Coyote is one of the most mysterious and magical creatures within the mythology of Native Americans, and is noted for its shapeshifting abilities. Before we get to that issue, however, a bit of background information on the animal is first required. Coyotes are of the dog family and are formidable and deadly hunters. While they typically go for small prey, like rabbits and squirrels, they have been known to take on fully-grown deer and even cattle. They are noted for their swimming skills and for the fact that they can run at high speeds. That all said, there is another side to the coyote, one which revolves around shapeshifting.
Perceived almost unanimously by Native Americans as a trickster-like animal, coyote is said to have the ability to control the weather, specifically rain and storms. And, like so many other trickster entities – such as fairies and goblins – coyote can be friendly, playful, and helpful. But, and also like all tricksters, coyote has a dark side: it can be manipulative, deceitful, and even deadly, and as the mood takes it.
As for what Native American lore says of the shapeshifting abilities of coyote, we are told that the animal can take on human form – usually in the guise of a man with a large mustache. Coyotes are said to be able to transform into the forms of birds, fish and cats. Also according to Native American mythology, witches and those familiar with magical rituals can transform themselves into coyotes. Thus, a coyote seen running wildly late at night may well be a shapeshifting witch or wizard, embarking on some dark and disturbing mission.
And we are far from being done with the coyote and its skills as a shapeshifter. There is a longstanding tradition among Native Americans that coyote will stalk hunters in the woods and on the plains. Then, when it closes in on its victim, coyote will supernaturally shed its coat, which it quickly throws over its quarry. It is this action that allows coyote to shapeshift into the exact appearance of its victim. Typically, legend suggests, this is done to allow the animal to have sex with the wife of the victim – coyotes, in folklore, having a particular liking for women.
While many people might relegate such accounts to the domain of legend, the matter of shapeshifting and coyotes continues in the world of today. It is an issue that brings us back to the mystery of the Chupacabra. It was in 1995 that the phenomenon of the Chupacabra exploded across Puerto Rico. In the early 2000s, however, reports began to surface suggesting that the Chupacabra had somehow made its way to the United States – and specifically to the Lone Star State.
In south Texas, in 2003 and 2004, ranchers reported seeing strange, hairless creatures on their properties that attacked and killed their animals, such as chickens and goats. That all of this paralleled what was afoot on Puerto Rico inevitably provoked claims that hordes of Chupacabras were on the loose – and possibly all across Texas. Whereas the Puerto Rican original was described as bipedal, glowing-eyed, and winged, the monster of the Lone Star State looked like a large, hairless coyote. Which, is exactly what it was – and still is.
Unlike the situation in Puerto Rico, where a specimen has never been caught or killed, in Texas it did not take long at all before a couple of the beasts were shot by irate farmers and hit by cars. A careful study of the dead animals conclusively proved they were coyotes. But, they were not normal coyotes: they had certain genetic mutations – which brings us back to the matter of shapeshifting.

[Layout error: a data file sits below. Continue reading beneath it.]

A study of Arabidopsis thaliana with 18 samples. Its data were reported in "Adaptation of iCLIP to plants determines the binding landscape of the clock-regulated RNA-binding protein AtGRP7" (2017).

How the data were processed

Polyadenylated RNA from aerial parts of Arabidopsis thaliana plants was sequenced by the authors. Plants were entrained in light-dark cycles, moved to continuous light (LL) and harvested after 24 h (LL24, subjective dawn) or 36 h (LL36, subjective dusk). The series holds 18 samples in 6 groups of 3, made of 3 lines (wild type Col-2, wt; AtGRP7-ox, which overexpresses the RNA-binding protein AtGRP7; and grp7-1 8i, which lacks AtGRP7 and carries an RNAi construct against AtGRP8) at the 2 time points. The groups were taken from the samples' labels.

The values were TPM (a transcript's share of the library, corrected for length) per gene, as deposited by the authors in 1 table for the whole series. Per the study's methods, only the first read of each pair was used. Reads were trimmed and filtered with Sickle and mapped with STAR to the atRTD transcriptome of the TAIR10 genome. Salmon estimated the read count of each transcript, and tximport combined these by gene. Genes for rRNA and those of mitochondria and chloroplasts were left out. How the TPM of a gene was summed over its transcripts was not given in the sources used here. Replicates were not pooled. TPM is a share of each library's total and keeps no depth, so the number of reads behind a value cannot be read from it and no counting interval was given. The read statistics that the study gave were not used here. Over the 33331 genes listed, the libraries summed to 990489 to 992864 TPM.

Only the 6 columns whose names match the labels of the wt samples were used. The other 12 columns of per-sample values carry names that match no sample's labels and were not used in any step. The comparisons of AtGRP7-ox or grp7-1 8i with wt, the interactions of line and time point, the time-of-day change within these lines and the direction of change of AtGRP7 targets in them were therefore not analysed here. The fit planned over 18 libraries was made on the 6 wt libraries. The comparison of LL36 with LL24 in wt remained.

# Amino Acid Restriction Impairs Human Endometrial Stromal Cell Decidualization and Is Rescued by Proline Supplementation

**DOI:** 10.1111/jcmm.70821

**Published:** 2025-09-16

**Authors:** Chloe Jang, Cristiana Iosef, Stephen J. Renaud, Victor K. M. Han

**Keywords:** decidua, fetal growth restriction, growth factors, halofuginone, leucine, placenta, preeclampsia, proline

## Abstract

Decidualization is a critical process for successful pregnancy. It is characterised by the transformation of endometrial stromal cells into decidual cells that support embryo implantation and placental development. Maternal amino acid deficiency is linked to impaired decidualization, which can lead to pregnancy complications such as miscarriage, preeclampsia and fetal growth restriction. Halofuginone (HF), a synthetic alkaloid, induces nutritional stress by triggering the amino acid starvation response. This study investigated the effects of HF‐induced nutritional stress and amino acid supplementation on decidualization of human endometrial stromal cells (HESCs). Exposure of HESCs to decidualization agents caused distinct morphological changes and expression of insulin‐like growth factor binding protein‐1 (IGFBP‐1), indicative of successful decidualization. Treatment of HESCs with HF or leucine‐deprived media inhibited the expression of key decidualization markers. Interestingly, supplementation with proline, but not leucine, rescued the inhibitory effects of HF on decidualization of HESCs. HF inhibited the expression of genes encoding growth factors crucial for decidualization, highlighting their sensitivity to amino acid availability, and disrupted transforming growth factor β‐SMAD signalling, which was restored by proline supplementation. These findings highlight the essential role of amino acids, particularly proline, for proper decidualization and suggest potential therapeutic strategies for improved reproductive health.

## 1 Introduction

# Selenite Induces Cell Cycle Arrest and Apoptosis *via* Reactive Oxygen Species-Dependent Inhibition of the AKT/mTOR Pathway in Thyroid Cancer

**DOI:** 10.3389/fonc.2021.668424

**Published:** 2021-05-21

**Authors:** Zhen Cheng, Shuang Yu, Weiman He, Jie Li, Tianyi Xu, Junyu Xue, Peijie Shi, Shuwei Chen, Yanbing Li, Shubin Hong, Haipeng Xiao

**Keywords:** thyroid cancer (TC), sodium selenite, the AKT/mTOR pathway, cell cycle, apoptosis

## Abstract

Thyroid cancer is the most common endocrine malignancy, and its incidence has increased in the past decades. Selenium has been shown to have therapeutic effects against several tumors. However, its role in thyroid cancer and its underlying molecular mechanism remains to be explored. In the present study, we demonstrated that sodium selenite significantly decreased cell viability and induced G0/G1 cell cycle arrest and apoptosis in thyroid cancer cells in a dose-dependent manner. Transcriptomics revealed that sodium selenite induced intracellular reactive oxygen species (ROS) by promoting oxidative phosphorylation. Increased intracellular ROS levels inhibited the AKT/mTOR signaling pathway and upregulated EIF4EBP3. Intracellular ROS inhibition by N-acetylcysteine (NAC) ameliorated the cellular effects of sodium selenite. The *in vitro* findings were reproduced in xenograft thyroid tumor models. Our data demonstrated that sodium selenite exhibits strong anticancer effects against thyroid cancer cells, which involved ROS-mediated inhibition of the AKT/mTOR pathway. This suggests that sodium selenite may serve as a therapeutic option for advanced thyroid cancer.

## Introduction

In the old Native American tales, the coyote could transform itself into numerous different creatures, even that of a person. What we saw in the 2000s, however, eerily paralleled the ancient legends, but in upgraded, 21th century fashion. What was thought to be severe cases of mange on the dead coyotes was nothing of the sort: the animals in question appeared to be mutating into a completely hairless offshoot of the regular south Texas coyote population. They had developed large overbites, and their front limbs were abnormally short; something which led them to run in an odd, hopping fashion. And, there was the presence of curious pouches growing out of the upper parts of their hind legs. Strangest of all, several witnesses claimed to have seen the animals rise up onto their back legs and hold the position for several minutes, as they scanned the landscape.
The Texas chupacabra – which was actually something arguably even stranger – was born. And yet another layer of legend was added to the mythology surrounding the coyote and its shapeshifting skills. Ken Gerhard, a noted cryptozoologist and monster-hunter, suspects that the strange transformation of the Texan coyote is due to mutagens – which can affect animals at a DNA level – and almost certainly sulfur-dioxide, which is a by-product of coal-burning power plants. Notably, Ken has discovered that many sightings of these transformed coyotes have been made in the direct vicinity of Texas-based plants – something which leads him to strongly suggest this is the answer to the riddle.
So, we have a shape-changing coyote in centuries-old Native American tales, and we have a changing thing in 21st century Texas. From the world of the supernatural to that of science and environmental pollution, the coyote continues to shapeshift, but in very different ways.